President Biden's pep talk about the banking sector being "safe" does not appear to have calmed the financial markets after the implosion of Silicon Valley Bank.
One of the top credit rating agencies, Moody's Investors Service, downgraded its outlook for the entire banking sector amid signs that a global banking crisis could be underway.
Moody's cited "rapidly deteriorating conditions" following the collapse of Silicon Valley Bank and New York-based Signature Bank.
“We have changed to negative from stable our outlook on the US banking system to reflect the rapid deterioration in the operating environment following deposit runs at Silicon Valley Bank (SVB), Silvergate Bank, and Signature Bank (SNY) and the failures of SVB and SNY,” Moody’s said in a report.
Fears of contagion spread Wednesday as Credit Suisse, a major investment bank in Switzerland, started plummeting.
Switzerland's central bank said they will bail out Credit Suisse if needed. The impact was felt on Wall Street, with shares falling in top banks like J.P. Morgan and Goldman Sachs.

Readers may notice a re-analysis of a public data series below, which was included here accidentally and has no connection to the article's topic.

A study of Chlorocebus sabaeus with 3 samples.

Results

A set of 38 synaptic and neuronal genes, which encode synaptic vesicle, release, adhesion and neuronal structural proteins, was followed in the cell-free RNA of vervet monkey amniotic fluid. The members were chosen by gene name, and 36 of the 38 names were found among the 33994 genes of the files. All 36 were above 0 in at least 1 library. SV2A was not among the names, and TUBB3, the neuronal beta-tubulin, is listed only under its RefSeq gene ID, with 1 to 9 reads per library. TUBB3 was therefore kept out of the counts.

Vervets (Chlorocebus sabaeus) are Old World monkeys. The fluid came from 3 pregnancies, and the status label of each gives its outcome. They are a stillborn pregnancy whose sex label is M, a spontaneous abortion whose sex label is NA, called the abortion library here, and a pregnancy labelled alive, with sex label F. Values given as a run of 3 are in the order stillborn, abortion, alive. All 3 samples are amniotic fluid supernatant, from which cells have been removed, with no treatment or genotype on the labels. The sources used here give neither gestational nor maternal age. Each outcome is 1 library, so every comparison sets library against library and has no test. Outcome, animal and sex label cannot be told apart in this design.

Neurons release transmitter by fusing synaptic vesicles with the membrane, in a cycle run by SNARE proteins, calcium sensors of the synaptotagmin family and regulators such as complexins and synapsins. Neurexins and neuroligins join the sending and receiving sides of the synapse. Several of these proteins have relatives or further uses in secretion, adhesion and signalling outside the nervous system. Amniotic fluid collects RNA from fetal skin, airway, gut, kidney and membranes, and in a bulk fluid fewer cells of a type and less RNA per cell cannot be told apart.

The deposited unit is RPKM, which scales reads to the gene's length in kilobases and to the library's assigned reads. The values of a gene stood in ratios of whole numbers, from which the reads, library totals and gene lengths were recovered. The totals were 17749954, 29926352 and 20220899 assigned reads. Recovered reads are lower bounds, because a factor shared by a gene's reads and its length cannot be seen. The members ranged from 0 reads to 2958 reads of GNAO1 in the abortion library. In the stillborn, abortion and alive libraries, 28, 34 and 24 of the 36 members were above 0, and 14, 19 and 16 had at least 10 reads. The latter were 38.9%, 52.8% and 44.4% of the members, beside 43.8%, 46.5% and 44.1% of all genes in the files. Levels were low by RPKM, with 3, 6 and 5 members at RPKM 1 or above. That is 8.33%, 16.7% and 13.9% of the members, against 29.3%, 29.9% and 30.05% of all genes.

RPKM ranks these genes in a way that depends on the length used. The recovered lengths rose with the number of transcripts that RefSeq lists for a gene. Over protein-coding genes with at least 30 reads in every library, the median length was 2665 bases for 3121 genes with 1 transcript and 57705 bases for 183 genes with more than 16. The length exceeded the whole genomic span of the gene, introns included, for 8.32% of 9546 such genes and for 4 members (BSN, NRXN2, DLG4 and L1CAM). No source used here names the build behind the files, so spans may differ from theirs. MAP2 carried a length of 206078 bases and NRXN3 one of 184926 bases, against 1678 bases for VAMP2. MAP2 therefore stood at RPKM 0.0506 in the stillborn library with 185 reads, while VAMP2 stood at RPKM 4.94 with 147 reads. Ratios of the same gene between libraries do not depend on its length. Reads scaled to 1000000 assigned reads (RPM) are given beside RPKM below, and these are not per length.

The turmoil began a week ago, when SVB, a top lender to tech startups, collapsed after being forced to sell bonds at steep losses following the Federal Reserve's aggressive interest rate hikes.
Similarly situated banks could see trouble as the Fed continues to tighten in its effort to tame inflation, Moody's predicted.
"We expect pressures to persist and be exacerbated by ongoing monetary policy tightening, with interest rates likely to remain higher for longer until inflation returns to within the Fed's target range," the agency added.
Biden pledged to do "whatever is needed" and assured consumers that the "banking system is safe" in a speech Monday.
"Americans can rest assured that our banking system is safe. Your deposits are safe. Let me also assure you, we will not stop at this. We'll do whatever is needed," he said.
So far, Biden has moved to backstop mostly uninsured depositors at SVB and Signature Bank, leaving many to see an echo of the government bailout of banks deemed "too big to fail" during the 2008 financial crisis.
The Federal Reserve is also making $25 billion available for lending to provide troubled banks with liquidity if needed. Despite these extraordinary measures, stocks in regional banks like First Republic have oscillated up and down all week.